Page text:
March 28th, 2011 | Posted by J. Brent Eaton in Uncategorized
When we face the most difficult times in our lives it is natural to question why things like these happen when we have a God who loves us so much. As a hospice chaplain I hear many people say they don't feel that it is appropriate to question God when a tragedy happens. I respectfully, gently, but passionately disagree! The reluctance to approach God with our painful questions often stems from a misunderstanding of our relationship with our heavenly father. If our earthly fathers were responsible for helping us understand life, how much more would God want to answer our questions?
Jesus set an example for us in this regard. He directly questioned God's actions! Here is an excerpt from my book When Gospels Collide that shows how Jesus directly confronted his father with the ultimate question:
365. Jesus Dies on The Cross
aMatt. 27:45-54; bMark 15:33-39;
cLuke 23:44-48; dJohn 19:28-30
a45Now b33when the sixth hour had come, c44darkness came a45over all b33the whole land until the ninth hour. b34At a46about the ninth hour Jesus cried with a loud voice, saying, b34"Eloi, Eloi, lama sabachthani?" which is, being interpreted, "My God, my God, why have you forsaken me?" b35Some of them who stood a47there, when they heard it, said, b35"Behold, a47this man is calling Elijah." d28After this, Jesus, seeing that all things were now finished, that the Scripture might be fulfilled, said, "I am thirsty." d29Now a vessel full of vinegar was set there. a48Immediately one of them ran, and took a sponge, and filled it with vinegar. d29So they put a sponge full of the vinegar on hyssop, and held it to his mouth, a48and gave him a drink, b36saying, "Let him be. Let's see whether Elijah comes to take him down a49to save him." d30When Jesus therefore had received the vinegar, c46crying b37out a50again c46with a loud voice, said, "Father, into your hands I commit my spirit! d30It is finished." Having said this, he bowed his head; c46he breathed his last a50and yielded up his spirit. a51Behold, c45the sun was darkened, a51the veil of the temple was torn in two from the top to the bottom. The earth quaked and the rocks were split. a52The tombs were opened, and many bodies of the saints who had fallen asleep were raised. a53And coming out of the tombs after his resurrection, they entered into the holy city and appeared to many.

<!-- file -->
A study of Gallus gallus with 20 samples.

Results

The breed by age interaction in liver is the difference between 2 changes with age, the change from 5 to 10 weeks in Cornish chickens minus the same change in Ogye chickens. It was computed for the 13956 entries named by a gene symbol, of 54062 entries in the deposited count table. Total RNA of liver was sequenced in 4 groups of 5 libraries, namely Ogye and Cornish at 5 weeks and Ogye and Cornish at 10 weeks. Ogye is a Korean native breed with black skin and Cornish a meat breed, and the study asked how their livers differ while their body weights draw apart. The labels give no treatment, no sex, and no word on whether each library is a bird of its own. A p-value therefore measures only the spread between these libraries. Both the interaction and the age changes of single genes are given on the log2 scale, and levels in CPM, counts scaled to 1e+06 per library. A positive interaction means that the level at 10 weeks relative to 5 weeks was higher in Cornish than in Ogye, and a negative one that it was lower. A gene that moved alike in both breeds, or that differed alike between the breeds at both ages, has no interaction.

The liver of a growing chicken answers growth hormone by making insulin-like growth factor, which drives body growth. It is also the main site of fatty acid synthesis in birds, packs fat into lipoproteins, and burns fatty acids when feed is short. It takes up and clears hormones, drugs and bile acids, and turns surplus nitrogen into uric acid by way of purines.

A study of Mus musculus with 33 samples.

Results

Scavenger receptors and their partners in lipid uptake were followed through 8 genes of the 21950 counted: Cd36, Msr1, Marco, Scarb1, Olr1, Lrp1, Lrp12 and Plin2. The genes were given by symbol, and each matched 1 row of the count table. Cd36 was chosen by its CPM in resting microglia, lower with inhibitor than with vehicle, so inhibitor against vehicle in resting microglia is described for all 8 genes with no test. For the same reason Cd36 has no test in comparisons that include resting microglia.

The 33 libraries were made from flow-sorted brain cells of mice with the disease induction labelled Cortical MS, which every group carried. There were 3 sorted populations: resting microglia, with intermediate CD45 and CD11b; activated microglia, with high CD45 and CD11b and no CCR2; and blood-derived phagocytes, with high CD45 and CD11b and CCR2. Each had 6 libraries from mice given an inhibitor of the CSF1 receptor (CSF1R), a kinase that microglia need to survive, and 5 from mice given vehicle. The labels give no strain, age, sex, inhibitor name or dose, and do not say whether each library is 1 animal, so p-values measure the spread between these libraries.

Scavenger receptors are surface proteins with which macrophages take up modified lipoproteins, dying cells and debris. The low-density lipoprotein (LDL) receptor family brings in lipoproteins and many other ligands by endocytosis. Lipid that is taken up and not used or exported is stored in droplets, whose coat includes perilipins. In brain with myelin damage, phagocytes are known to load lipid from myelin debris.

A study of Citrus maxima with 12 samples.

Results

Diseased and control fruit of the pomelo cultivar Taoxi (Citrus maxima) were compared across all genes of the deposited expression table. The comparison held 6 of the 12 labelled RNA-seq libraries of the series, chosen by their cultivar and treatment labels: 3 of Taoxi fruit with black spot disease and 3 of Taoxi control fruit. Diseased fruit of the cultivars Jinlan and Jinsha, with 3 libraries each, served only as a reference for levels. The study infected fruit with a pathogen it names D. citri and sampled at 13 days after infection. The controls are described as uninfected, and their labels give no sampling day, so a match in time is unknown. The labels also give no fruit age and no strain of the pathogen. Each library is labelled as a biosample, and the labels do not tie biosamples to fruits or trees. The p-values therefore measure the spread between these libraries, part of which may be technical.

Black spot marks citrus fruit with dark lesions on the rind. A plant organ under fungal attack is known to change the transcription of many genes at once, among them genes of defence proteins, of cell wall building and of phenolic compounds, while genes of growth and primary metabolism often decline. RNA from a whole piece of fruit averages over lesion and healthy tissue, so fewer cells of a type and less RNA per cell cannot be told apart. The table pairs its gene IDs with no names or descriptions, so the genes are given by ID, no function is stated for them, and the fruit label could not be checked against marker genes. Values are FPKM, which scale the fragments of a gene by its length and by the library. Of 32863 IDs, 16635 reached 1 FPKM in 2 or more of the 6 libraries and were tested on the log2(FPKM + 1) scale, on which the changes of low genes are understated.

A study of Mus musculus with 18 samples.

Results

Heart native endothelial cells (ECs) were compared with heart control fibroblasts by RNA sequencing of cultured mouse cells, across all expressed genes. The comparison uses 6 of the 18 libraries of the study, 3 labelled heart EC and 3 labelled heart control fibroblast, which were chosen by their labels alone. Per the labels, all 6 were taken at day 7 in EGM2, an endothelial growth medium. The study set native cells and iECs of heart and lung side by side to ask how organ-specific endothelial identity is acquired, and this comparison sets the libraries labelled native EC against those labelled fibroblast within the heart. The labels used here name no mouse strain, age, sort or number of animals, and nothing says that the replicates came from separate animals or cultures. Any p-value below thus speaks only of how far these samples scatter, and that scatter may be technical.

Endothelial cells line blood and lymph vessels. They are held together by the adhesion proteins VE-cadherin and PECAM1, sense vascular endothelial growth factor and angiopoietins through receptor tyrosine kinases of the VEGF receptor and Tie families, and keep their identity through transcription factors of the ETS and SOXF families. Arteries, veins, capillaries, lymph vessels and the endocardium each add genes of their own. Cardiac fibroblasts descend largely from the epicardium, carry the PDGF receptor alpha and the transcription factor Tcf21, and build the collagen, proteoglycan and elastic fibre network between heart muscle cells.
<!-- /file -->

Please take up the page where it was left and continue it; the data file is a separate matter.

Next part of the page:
Most translations of this passage do not convey the desperation of Jesus' question. What he was saying is, "My God, my God, why did you give up on me? Why did you turn your back on me?" In his darkest moment, the humanity in Jesus could not find the divinity that was his innate nature. He was truly alone. Even those standing around him watching him die had no idea what he was saying. Not more than a few days before, many hundreds of people cheerfully greeted him as he came into Jerusalem for Passover. Now, only a handful of people stand around waiting and watching for him and two common criminals to die. THIS is the moment when the big questions have the right to be asked.
YOUR of pain and uncertainty is the time when the big questions can be asked of God as well. He is big enough and tough enough to take whatever questions we ask. The question for us is this: are we big enough and strong enough to handle the answers when God gives them?